Reserve Bank of Australia to Stick with Taper Plan

Reserve Bank of Australia to Stick with Taper Plan

The lockdown in Sydney is about to push the Australian economy into contraction this quarter. Despite this, however, the Reserve Bank of Australia (RBA) said it will stick with its planned tapering of bond purchases. 


Governor Philip Lowe and his board surprised economists on Tuesday by sticking to their plan to reduce the pace of weekly bond purchases to A$4 billion ($3 billion) in September from A$5 billion now. That is while maintaining the cash rate at 0.1%. After this, the Australian currency rallied.

In a statement, the central bank governor said that the experience to date has been that once virus outbreaks are contained, the economy bounces back quickly. He said the economy is benefiting from significant additional policy support. The vaccination program will also assist with the recovery, he added.


There is confidence that with the Australian dollar down about 7% in the past five months and lower yields, the economy has plenty of support. It is likely to bounce back fast once restrictions lift.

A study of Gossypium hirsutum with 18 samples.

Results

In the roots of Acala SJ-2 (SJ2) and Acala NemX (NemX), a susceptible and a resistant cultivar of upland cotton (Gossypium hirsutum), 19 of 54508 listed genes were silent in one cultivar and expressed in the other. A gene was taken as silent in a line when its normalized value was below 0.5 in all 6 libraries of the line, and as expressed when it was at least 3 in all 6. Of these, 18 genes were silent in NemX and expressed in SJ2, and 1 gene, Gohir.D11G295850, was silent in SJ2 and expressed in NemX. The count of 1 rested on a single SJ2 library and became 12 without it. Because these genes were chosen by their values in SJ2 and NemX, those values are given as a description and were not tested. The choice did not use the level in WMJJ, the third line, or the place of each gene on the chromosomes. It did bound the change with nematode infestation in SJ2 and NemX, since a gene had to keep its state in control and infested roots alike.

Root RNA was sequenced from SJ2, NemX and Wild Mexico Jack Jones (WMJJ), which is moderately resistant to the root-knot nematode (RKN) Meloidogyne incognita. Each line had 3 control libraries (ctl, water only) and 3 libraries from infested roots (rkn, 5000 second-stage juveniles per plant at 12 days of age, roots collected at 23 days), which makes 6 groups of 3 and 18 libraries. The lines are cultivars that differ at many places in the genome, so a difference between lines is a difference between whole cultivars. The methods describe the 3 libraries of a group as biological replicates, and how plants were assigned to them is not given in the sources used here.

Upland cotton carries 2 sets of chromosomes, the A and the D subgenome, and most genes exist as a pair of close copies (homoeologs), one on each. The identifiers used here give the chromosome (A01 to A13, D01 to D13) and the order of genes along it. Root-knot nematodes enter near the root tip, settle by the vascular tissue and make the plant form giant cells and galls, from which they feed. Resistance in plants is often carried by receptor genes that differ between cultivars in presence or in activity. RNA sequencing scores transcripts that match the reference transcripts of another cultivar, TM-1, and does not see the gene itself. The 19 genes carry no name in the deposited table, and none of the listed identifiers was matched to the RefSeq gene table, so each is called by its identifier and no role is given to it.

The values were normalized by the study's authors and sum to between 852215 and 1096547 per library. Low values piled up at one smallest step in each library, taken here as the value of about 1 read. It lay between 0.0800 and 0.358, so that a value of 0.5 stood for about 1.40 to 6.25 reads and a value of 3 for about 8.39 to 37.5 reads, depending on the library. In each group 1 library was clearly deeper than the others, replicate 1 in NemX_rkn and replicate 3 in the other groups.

When it comes to unwinding stimulus, Lowe also made clear that he doesn’t want to get ahead of the Federal Reserve. Chair Jerome Powell has said that there’s still some way to go before a U.S. tapering.

Lowe said that the board will maintain its flexible approach to the rate of bond purchases. The program will continue to be reviewed in light of economic conditions and the health situation, and their implications for the expected progress towards full employment and the inflation target, he said.

Australian Dollar Rallies

On Tuesday, the Australian dollar edged higher after this surprise from the country’s central bank. The economy is likely to recover quickly once coronavirus lockdowns ease.

The Aussie gained 0.6% to $0.7404. This comes after the RBA said it would trim its weekly bond-buying in September as planned. Lockdowns in major cities are likely to trigger a sharp contraction in the economy this quarter. Due to this, many analysts had expected them to postpone the tapering.  

Lowe said that prior to the current virus outbreaks, the Australian economy had considerable momentum and it is still expected to grow strongly again next year,  he said. 

From a previous 3.5%, the RBA forecast economic growth of just over 4% in 2022. Unemployment is also likely to drop to 4% by the end of 2023.